In Malta table tennis is surprisingly popular – and is destined to become even more popular.
National league, regular tournaments, multiple privately owned table tennis academies, national rankings for adults, juniors and seniors – Malta offers a table tennis infrastructure like you wouldn’t expect from such a small island state between Sicily and Tunisia. On a surface of the size of Munich, spread over two main islands, live about 500,000 people – and 400 of them actively play table tennis. The Maltese national organisation that promotes this sport was founded in 1953 and is known as the Malta Table Tennis Association (MTTA).
Table tennis in Malta developed positively in recent years. Before Malta became an independent country in 1964, it was under British rule, and table tennis was introduced as a leisure sport. This changed over the years. The association set up a national league format in which over 40 teams battle for relegation and promotion between October and May every year. League matches and tournaments are played under professional conditions in Tal-Qroqq Sports Complex in Msida, close to the capital Valletta.
Valletta is also home to the popular HiTT Malta Table Tennis Academy. Mario Genovese founded this table tennis school on synthetic flooring and with 10 tables in 2012. Now HiTT Academy has 2 other centres, one with 10 tables in Pembroke and another with 6 tables in the centre of Malta in Birkirkara. Since then, many of the most successful teams and biggest talents of the island have originated from HiTT Academy. Their coach has nevertheless been until today unreachable in his success: Genovese, by now in his end 50s, is the most successful and well-known player in the history Maltese table tennis. In the 80s, he practiced in Japan and China and played as a pro for clubs in Great Britain, Norway, Sweden and Denmark with the likes of BTK Roskilde.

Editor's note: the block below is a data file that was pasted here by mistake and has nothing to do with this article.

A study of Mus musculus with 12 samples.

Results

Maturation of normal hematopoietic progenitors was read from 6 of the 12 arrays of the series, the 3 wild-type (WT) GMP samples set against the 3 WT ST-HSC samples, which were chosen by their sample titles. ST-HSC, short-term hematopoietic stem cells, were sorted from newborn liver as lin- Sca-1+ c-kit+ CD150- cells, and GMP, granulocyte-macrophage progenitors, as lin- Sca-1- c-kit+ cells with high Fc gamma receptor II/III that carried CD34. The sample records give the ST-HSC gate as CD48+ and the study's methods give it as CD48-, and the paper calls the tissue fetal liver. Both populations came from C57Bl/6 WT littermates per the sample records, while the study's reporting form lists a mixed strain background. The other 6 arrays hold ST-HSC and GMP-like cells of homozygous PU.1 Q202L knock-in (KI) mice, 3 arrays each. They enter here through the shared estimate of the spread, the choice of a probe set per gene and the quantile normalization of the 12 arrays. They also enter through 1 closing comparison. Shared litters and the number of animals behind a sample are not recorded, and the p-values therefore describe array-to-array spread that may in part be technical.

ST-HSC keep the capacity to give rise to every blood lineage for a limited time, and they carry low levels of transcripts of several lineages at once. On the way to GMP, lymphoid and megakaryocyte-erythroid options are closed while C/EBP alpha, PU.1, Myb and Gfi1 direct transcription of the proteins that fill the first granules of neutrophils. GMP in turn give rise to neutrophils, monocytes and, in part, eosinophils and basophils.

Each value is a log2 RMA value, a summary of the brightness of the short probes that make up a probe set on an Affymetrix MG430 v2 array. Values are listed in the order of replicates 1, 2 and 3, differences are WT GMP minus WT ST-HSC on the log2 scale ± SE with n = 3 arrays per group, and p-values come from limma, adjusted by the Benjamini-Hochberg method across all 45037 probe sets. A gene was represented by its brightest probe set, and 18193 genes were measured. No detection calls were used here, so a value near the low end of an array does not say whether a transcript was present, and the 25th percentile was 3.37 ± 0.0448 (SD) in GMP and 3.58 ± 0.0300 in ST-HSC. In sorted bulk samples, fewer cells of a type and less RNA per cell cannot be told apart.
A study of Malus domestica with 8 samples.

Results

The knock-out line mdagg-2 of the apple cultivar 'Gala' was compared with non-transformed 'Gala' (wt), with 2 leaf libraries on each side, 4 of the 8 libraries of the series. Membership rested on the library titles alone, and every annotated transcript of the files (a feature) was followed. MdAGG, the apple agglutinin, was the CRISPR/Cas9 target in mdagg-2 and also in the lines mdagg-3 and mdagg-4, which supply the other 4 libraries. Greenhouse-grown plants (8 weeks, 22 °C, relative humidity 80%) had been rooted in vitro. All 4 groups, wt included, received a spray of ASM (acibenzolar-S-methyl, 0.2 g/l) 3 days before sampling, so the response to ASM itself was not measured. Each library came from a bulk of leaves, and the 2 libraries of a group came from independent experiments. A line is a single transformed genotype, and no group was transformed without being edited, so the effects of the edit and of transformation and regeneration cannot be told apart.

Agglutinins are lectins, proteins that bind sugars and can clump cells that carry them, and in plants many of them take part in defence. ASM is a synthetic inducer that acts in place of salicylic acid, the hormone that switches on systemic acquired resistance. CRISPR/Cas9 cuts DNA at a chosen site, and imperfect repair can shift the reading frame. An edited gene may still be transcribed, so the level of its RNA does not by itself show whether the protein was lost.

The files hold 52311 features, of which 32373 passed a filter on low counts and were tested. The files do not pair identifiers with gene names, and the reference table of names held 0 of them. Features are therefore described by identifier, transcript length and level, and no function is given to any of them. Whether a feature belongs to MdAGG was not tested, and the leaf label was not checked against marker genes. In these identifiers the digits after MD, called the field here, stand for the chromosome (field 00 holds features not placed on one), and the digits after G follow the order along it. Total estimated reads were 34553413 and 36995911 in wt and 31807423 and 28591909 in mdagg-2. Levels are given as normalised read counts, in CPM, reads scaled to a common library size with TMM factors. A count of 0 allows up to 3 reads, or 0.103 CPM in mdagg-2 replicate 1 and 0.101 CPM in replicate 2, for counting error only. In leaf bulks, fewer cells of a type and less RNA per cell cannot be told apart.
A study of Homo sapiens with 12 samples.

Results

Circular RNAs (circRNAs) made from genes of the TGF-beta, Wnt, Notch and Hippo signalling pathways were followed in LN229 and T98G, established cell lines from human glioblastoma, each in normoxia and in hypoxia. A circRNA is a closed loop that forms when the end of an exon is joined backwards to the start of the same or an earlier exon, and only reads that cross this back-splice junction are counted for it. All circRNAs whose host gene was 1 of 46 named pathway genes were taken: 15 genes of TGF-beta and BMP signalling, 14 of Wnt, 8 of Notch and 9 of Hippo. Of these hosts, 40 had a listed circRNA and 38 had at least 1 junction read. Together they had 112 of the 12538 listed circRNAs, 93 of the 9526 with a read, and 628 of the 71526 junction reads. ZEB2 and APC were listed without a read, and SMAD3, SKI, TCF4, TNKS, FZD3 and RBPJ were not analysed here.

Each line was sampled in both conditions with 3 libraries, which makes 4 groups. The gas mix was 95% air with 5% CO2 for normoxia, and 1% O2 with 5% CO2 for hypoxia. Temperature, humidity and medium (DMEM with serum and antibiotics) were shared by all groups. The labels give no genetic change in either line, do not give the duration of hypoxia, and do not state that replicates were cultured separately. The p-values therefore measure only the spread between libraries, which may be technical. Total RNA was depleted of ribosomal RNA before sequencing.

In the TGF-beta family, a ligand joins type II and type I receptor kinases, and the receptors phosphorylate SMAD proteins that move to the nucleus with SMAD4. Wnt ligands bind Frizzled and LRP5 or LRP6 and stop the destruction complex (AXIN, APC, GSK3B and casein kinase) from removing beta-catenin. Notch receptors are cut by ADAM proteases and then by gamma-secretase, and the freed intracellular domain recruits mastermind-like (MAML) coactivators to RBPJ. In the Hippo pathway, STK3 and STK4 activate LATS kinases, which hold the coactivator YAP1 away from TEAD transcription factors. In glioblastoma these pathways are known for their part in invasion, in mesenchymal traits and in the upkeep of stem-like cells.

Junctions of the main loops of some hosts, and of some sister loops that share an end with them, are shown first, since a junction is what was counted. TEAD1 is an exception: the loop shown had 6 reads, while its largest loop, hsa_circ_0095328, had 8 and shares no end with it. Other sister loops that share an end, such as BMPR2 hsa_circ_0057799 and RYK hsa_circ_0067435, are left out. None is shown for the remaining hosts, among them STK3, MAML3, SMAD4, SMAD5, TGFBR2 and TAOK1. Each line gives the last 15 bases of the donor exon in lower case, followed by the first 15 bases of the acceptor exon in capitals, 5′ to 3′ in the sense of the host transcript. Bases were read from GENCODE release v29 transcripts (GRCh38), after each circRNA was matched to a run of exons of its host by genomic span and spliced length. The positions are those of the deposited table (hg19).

Malta presents itself on a regular basis on the big stage: the Malta Table Tennis Association sends their best players to both big tournaments like World and European Championships and smaller table tennis events where it has more chances to obtain favourable results. In the Small Nation Games, a multi-disciplinary competition for nine small European countries, Malta’s players have the potential to reach the front rankings. Malta is a big one among the small ones. Furthermore, the MTTA has been working closely with the Italian federation, providing opportunities for Maltese players to play in the Italian table tennis league. Already its unique location between the continents makes Malta significant on the international table tennis map: in the middle of the Mediterranean, Europe on one side and Africa on the other side.
This article was originally published on the prominent German Table Tennis Association’s magazine Tischtennis, available from the DTTB website: https://www.tischtennis.de/. Thanks to Ms Amke Fischer for providing the English translation.